Despite fears that geopolitical concerns would stunt middle market M&A activity between the U.S. and Britain, interest among dealmakers on both sides of the Atlantic remains strong.

In both markets, Deloitte’s latest US/UK M&A Deal Monitor finds that private equity and corporate buyers continue to pursue a shrinking supply of non-public targets, which are often located in lower cost markets outside the hotspots of London, New York and Silicon Valley.

For the first half of 2017, global deal volumes eased 3.3 percent from the record levels set in the first half of 2016, according to the report. Further, U.S. M&A activity in the U.K. dropped by almost 15 percent during the period from a very hot first half in 2016, as concerns over Brexit clouded the market. In contrast, first-half U.K. M&A activity in the U.S. rose by almost 10 percent from the previous year, as British investors looked to purchase revenue growth in the U.S.

Mixed year-over-year showings aside, the report finds that U.S.—U.K. deal flow remains the world’s biggest bilateral corridor, signaling upbeat prospects for global dealmaking overall. While concerns persist over regulatory and tax uncertainties in the U.S. and Brexit in the U.K., Deloitte sees the outlook for transactional activity in the corridor remaining bullish.

At 2017’s midpoint, technology remains the hottest sector for the middle market, as businesses across sectors move quickly to adapt to a rapidly changing marketplace and heightened competition, says Deal Monitor co-author and Deloitte’s U.S. leader for the U.S.-U.K. M&A corridor, Andrew Wilson. In a promising sign for continued strong M&A activity, he notes the current boom encompasses both traditional and next-gen companies from multiple tech sectors, as well as companies from many other industries that offer, big data capabilities, innovative technologies and sector-specific expertise.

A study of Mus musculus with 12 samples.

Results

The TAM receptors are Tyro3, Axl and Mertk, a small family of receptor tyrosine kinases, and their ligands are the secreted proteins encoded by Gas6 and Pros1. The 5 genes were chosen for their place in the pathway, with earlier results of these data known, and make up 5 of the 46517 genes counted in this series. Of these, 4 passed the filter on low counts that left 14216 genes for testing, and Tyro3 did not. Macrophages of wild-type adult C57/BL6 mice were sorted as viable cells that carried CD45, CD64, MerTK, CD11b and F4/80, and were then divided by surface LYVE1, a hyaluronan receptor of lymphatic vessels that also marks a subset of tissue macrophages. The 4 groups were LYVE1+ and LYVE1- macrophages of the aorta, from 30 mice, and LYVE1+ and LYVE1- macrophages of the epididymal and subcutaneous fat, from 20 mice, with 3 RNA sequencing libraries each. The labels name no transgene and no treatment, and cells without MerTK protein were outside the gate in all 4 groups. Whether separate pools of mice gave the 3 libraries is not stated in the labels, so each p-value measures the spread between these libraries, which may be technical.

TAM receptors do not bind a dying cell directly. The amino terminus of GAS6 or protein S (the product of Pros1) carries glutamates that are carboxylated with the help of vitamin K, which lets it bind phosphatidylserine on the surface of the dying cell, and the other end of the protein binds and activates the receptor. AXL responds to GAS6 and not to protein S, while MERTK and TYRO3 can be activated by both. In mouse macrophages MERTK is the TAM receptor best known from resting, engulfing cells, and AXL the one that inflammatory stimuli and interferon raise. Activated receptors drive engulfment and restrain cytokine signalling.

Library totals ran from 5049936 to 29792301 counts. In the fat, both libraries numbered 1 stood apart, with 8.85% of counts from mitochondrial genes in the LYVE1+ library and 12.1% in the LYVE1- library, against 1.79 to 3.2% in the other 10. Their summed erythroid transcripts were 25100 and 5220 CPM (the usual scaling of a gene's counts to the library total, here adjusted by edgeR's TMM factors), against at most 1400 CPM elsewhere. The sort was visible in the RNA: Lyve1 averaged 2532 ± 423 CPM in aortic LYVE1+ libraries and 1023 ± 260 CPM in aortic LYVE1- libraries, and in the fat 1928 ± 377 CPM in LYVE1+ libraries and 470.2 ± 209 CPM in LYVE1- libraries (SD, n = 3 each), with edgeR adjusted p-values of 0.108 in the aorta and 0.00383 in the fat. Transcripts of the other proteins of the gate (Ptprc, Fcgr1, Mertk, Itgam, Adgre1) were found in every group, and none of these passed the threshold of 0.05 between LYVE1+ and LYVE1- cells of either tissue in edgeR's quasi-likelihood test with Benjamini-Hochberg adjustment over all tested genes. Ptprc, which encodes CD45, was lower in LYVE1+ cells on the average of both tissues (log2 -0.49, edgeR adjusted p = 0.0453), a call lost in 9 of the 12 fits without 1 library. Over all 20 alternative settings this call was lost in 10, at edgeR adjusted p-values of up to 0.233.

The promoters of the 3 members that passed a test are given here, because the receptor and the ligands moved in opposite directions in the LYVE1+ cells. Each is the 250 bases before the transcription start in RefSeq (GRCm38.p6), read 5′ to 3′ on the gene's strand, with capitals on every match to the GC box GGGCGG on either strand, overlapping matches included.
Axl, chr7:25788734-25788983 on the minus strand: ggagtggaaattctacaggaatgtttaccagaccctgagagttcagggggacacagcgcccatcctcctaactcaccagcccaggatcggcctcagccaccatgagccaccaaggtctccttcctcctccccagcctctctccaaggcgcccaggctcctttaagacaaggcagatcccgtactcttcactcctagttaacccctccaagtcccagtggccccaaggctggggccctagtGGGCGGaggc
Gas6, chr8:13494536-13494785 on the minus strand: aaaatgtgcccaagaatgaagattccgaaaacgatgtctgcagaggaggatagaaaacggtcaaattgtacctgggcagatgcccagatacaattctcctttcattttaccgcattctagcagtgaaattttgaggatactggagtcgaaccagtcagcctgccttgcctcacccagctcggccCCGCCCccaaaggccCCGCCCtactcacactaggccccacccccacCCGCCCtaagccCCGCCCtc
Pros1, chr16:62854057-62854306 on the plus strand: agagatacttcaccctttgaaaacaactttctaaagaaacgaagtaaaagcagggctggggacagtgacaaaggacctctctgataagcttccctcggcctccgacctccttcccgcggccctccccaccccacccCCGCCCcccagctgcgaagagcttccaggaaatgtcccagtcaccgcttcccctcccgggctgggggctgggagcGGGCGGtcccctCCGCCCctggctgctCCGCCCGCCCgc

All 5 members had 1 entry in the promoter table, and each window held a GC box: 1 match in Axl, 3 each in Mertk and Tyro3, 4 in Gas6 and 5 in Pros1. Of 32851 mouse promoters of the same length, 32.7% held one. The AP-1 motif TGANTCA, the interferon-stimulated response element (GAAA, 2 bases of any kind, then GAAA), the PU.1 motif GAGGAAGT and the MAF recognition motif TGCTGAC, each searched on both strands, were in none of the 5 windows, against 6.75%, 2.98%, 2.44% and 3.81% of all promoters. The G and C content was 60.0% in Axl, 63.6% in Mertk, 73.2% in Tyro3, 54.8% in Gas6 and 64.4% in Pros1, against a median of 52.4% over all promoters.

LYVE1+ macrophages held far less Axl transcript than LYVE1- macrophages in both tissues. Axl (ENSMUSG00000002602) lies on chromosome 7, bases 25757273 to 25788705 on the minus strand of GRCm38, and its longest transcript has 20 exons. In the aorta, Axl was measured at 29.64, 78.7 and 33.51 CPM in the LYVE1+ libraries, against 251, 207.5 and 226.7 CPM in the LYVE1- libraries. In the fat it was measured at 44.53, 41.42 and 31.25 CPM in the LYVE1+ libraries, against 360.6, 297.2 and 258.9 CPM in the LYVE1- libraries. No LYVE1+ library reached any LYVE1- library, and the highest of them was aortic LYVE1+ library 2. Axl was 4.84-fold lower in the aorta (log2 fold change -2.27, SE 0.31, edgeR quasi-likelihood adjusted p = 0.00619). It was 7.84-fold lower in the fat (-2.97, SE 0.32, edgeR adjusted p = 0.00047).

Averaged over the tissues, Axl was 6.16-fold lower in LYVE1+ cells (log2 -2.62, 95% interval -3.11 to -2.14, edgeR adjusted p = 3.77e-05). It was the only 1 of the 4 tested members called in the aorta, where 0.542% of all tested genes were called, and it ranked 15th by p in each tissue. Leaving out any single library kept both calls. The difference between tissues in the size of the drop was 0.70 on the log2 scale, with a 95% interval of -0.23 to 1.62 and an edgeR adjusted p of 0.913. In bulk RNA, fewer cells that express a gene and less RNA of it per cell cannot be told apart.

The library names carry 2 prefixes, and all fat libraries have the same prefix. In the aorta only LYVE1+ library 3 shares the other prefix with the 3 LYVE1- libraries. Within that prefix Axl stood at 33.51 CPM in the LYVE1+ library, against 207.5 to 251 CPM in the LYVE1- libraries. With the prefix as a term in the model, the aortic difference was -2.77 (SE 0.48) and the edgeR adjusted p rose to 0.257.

M&A activity in the U.S.-U.K. corridor has flourished for several years, with asset competition and capital availability remaining strong throughout the deal cycle. But instead of signaling an imminent end to the cycle, as is often the case, Wilson argues that with large amounts of capital waiting to be deployed, supportive financial conditions and continuing easy access to cash, a thriving M&A marketplace has the potential to get even stronger in the second half of this year and beyond.

Despite recent interest rate tightening by the U.S. Federal Reserve, M&A deal funding remains easily accessible for many borrowers. With covenant-light financing available, debt for middle market borrowers is actually getting cheaper, Wilson notes, and companies are seeking to leverage deals at five times Ebitda or more in many cases.

“The M&A market shows few signs of slowing down, with dealmakers putting aside geopolitical, economic and regulatory concerns in an effort to grow their bottom lines,” Wilson states. For many mid-market deal makers, he adds, investing in the U.S.-U.K. corridor is no longer a second-best route to organic growth, but has become a their primary growth strategy.